Thursday, July 24, 2014

Zoldan on the Ex Post Facto Clauses

Evan C. Zoldan, University of Toledo College of Law, has posted The "Professional" Meaning of the Ex Post Facto Clauses.  Here is the abstract:
Since its decision in Calder v. Bull, the Supreme Court has held consistently that the Ex Post Facto Clauses apply only to retroactive criminal, as opposed to civil, laws. Nevertheless, there continues to be significant scholarly debate over the original meaning of the clauses. Relying on sources contemporaneous with the framing of the Constitution, like treatises, newspaper articles, and notes from the debates in the Philadelphia Convention, some scholars conclude that the original meaning of the Ex Post Facto Clauses includes civil as well as criminal statutes; others, relying largely on this same evidence, conclude that the original meaning reaches only criminal statutes.

The key to resolving the dispute between these two camps of scholars lies in uncovering the “professional” meaning of the Ex Post Facto Clauses, that is, the meaning of the phrase “ex post facto” as it was used by the professional community of American judges and lawyers in the course of their work in the years leading up to the framing of the Constitution. The professional meaning of the phrase ex post facto has always been, and continues to be, the focal point for discussion of the original understanding of the Ex Post Facto Clauses; nevertheless, historical evidence of the professional meaning of the phrase ex post facto has been all but unexamined.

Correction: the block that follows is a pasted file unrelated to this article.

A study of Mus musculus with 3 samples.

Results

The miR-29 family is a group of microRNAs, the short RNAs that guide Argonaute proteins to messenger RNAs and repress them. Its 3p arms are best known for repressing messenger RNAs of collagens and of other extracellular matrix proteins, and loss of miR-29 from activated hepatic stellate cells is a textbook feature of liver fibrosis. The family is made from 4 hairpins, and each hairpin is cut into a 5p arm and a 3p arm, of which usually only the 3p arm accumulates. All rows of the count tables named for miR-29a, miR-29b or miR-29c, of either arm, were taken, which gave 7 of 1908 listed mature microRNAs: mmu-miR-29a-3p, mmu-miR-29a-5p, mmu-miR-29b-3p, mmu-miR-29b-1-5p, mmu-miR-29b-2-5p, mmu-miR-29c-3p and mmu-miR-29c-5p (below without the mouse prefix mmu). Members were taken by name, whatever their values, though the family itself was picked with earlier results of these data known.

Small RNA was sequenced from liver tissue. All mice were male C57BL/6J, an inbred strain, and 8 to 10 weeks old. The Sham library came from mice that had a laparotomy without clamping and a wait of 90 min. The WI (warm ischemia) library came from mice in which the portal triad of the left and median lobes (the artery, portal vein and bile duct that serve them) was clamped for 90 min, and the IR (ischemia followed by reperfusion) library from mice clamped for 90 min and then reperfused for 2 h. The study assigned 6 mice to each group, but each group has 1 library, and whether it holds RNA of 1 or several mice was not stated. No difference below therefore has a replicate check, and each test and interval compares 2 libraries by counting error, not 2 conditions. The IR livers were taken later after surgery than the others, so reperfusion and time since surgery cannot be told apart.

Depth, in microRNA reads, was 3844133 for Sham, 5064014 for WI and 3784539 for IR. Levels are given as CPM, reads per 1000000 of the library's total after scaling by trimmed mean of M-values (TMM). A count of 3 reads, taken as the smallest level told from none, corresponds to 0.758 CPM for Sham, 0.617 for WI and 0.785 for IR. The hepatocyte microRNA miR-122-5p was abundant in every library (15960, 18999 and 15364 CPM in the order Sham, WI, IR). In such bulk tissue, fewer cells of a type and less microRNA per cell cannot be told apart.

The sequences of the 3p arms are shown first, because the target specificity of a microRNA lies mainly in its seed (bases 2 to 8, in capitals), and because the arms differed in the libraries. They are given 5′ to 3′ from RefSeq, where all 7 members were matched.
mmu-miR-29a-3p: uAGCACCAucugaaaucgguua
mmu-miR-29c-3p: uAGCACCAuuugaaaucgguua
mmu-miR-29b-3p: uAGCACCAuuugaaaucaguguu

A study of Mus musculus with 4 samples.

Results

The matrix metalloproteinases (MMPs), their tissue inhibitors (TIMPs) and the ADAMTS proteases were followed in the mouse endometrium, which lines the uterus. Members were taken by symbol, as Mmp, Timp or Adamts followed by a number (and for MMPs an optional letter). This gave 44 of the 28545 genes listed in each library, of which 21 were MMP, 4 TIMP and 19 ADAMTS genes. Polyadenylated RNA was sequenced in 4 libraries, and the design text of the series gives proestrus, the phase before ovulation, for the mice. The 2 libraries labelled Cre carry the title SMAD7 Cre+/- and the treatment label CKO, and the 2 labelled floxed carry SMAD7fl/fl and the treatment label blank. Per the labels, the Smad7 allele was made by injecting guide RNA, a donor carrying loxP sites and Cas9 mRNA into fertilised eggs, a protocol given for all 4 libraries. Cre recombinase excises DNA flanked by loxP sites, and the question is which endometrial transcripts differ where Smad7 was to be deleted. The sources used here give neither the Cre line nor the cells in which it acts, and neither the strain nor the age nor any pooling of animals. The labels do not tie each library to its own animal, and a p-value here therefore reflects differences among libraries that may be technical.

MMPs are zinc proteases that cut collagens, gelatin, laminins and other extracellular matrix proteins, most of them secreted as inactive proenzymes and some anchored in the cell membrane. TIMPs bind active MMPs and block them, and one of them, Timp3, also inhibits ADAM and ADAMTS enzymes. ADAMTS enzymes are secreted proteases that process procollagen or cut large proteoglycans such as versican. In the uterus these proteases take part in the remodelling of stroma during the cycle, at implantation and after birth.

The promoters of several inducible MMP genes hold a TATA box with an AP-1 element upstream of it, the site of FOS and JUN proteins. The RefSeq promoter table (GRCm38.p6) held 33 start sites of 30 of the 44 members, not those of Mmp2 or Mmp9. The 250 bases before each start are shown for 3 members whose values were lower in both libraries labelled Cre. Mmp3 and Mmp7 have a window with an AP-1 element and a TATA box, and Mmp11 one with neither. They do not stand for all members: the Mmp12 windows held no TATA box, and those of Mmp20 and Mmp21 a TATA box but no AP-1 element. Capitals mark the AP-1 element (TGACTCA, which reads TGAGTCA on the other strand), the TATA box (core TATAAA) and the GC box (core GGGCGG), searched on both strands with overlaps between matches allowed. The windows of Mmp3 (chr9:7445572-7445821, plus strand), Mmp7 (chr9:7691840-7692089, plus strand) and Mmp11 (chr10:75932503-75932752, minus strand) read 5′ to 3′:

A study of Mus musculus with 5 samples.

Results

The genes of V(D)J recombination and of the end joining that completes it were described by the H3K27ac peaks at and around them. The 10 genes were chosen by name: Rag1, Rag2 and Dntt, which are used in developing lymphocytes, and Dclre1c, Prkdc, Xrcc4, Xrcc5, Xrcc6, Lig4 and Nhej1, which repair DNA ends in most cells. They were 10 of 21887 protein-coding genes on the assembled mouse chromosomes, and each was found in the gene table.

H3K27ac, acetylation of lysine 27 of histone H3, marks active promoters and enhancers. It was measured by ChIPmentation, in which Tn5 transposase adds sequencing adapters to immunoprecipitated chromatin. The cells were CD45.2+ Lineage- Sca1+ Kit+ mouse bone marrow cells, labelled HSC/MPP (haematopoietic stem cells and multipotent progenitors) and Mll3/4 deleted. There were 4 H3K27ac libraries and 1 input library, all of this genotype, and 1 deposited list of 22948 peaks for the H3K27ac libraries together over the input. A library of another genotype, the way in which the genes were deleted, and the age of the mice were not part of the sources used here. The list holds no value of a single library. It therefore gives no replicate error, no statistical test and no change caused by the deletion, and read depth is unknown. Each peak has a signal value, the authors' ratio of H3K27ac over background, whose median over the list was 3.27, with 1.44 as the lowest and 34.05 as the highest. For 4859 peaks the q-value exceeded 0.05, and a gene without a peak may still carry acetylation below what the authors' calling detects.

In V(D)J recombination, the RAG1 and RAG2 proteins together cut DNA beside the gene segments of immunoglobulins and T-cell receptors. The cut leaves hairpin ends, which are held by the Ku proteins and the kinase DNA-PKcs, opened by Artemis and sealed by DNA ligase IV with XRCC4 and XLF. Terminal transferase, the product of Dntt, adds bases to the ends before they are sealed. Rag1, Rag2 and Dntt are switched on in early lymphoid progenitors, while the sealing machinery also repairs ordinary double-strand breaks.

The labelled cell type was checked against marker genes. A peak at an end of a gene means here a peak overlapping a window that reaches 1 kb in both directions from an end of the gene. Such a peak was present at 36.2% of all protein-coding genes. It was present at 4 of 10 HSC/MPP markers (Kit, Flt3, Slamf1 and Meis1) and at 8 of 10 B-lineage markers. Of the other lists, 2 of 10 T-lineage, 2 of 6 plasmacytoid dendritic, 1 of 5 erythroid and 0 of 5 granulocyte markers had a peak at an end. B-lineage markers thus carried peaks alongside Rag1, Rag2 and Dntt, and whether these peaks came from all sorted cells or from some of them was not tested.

In this article, I seek to resolve the debate over the original understanding of the Ex Post Facto Clauses by examining undeveloped evidence of the professional meaning of the phrase ex post facto. I conclude that the professional meaning of the phrase ex post facto, and original understanding of the Ex Post Facto Clauses, includes retroactive civil, as well as criminal, laws. Finally, even leaving aside these historical arguments, the story of uncovering the professional meaning of the Ex Post Facto Clauses suggests that there are prudential, doctrinal, and structural reasons for reconsidering Calder’s limitation on the scope of the clauses.